Qikou Town 碛口in Shanxi Province山西省

Qikou Town 碛口

Shanxi Province山西省

Qikou Town 碛口

Arriving in Qikou after one of those frustrating and often terrifying China back road trips, we were rewarded with grand vistas of the mighty Yellow River and seduced by an enchanting classic Chinese ancient town, as yet not converted into a tourist theme park.

Qikou Town 碛口

It had been a frustrating ride because of a huge, infernal traffic jam, caused by one of the thousands of overloaded coal trucks that ply the Shanxi roads, which had rolled over and blocked the narrow, mountainous and potholed road. Terrifying, because our tiny car, dwarfed by the lurching trucks, kept having to dodge them as they overtook each other on blind corners.

Qikou Town 碛口

However, as we opened the first of many cold beers on the grand terrace of the Qikou Guesthouse, any nasty lingering memories of the trip were soon dispelled.

Qikou Town 碛口

Qikou is an ancient port on the Yellow River (see our previous article on The Qikou Inn for more information). Nowadays there is scarcely any river traffic; a few sad, rusting boats tied up along the river bank are all that remains of a once thriving commercial town.

Not so thriving Qikou-Shop

Qikou is also very isolated; it is almost only accessible via the tortuous mountain road from Lüliang Lishi 吕梁离石 or just Lishi离石. On the other bank of the Yellow River are the barren hills of Shaanxi Province with no other settlement in sight. It is probably this isolation that has preserved Qikou as an authentic old town with few amenities to entertain the domestic tourist hordes.

Some tourism in Qikou Town 碛口

However, that will all change in the near future. Many new hotels, admittedly tastefully done up to resemble traditional Inns, have popped up along the main street by the river. A new car park was being built in the town centre, while a huge stage was under construction on the banks of the river a few kilometres out of town, apparently to hold opera performances and other types of entertainment.

Qikou Town sign 碛口

For the moment though, you can still enjoy peaceful strolls around the town. Signposts in Chinese and English point out the historical importance of some of the buildings. While some of the old Ming and Qing houses are rather run down, others are being spruced up and restored.

Qikou courtyard 碛口

Locals don’t seem to mind you glancing into their attractive courtyards. Many of the houses have back rooms tunneled into the hillside.  In fact, this is one of the best areas to explore Shanxi’s cave dwelling architecture.

Qikou Town 碛口

The windy cobbled streets all head up from the river to one place: The Black Dragon Temple 黑龙庙. The temple is small, simple but attractive and includes an ancient opera stage whose acoustics apparently were so good that the performances could be heard on the other side of the river.

Black Dragon Temple 黑龙庙 stage
Black Dragon Temple 黑龙庙

Mostly though, it’s for the sweeping views over the old town and the Yellow River that visitors climb up here.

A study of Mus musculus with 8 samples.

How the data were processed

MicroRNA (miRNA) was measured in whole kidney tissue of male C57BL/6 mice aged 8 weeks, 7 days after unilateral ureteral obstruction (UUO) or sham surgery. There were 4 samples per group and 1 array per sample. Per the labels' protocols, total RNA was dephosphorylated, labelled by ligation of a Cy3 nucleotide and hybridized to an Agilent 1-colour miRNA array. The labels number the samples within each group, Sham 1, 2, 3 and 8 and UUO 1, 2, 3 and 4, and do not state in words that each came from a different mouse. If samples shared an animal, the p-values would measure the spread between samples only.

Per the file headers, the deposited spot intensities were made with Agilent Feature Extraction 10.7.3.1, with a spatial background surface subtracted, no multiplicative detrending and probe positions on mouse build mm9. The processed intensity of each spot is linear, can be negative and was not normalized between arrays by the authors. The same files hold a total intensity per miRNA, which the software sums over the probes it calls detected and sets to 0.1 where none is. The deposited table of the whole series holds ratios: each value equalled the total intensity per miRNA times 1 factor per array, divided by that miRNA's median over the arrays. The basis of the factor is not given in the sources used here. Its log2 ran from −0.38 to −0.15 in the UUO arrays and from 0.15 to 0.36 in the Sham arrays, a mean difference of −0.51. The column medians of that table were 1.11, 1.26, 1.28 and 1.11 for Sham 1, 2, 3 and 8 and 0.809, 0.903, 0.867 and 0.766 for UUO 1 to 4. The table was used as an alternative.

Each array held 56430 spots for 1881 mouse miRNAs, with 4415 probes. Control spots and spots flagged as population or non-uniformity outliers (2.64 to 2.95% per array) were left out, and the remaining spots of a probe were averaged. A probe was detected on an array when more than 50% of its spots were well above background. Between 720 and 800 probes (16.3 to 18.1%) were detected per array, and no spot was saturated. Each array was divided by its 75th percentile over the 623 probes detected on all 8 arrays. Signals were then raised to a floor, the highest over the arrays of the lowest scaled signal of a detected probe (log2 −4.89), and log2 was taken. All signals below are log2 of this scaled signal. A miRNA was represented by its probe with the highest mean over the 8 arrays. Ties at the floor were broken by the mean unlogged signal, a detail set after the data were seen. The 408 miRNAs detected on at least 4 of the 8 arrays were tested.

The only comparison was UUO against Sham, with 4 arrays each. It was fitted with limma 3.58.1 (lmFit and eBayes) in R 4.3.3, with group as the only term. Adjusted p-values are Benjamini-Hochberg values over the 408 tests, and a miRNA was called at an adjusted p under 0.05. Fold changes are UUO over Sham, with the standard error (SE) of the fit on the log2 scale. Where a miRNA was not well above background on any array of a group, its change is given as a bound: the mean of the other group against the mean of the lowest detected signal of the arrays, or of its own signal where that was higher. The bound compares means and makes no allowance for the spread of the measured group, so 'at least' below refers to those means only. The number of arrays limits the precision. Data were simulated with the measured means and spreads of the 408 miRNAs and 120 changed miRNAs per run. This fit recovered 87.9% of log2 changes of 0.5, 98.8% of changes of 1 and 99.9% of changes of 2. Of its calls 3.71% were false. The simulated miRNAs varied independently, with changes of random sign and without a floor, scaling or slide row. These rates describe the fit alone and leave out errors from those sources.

Sweeping views of Qikou

It’s no wonder the place is frequented by art students practising their painting and drawing skills. At sundown, it’s a magical place and the old town of Qikou down below looks picture postcard perfect.

Qikou Town 碛口

Another reason for coming to Qikou Town 碛口 is to visit the mountainous cave village of Liajiashan 李家山,  whose ancient dwellings have been entirely built into the surrounding hillsides (see next article).


Liajiashan 李家山



Though there are other, newer hotels, the Qikou Guesthouse or Inn (see our previous article The Qikou Inn for more information) must be the most atmospheric one! We paid 188 Yuan for a double with bathroom on the second floor, with its own small sitting area outside. There was no haggling. Also, unfortunately, no towels, though we managed to persuade them to give us a couple of stamp-sized ones.

Qikou Guesthouse after dinner


We ate in the Qikou guesthouse where meals are simple, but very tasty; especially the homemade noodles! Beers were very cold.

Getting there and away:

Road to Qikou

We arrived in Qikou from Taiyuan. A bus from Taiyuan’s Western Bus Station to Lishi离石, sometimes known as Lüliang Lishi 吕梁离石, cost 48 Yuan and took nearly three hours.

There are frequent buses from Lishi to Qikou, but we negotiated a taxi for 150 Yuan, hoping to save some time… The way there was a nightmare, with dozens of massive coal trucks causing huge traffic jams. It took over two hours to cover the mere 50 kilometers. However, on the return we never saw a single truck and the journey took just an hour. Bizarre!

If you are moving on to Pingyao, there is a bus from Lishi, departing at 13.40.

Qikou Town 碛口
Black Dragon Temple 黑龙庙





Author: Adam

My name is Adam. I have a degree in Chinese History from SOAS and a masters in International Politics focused on China from the same university. I have travelled around China 9 times and since 2000 I have travelled every year for two months. I guess I kind of like the place!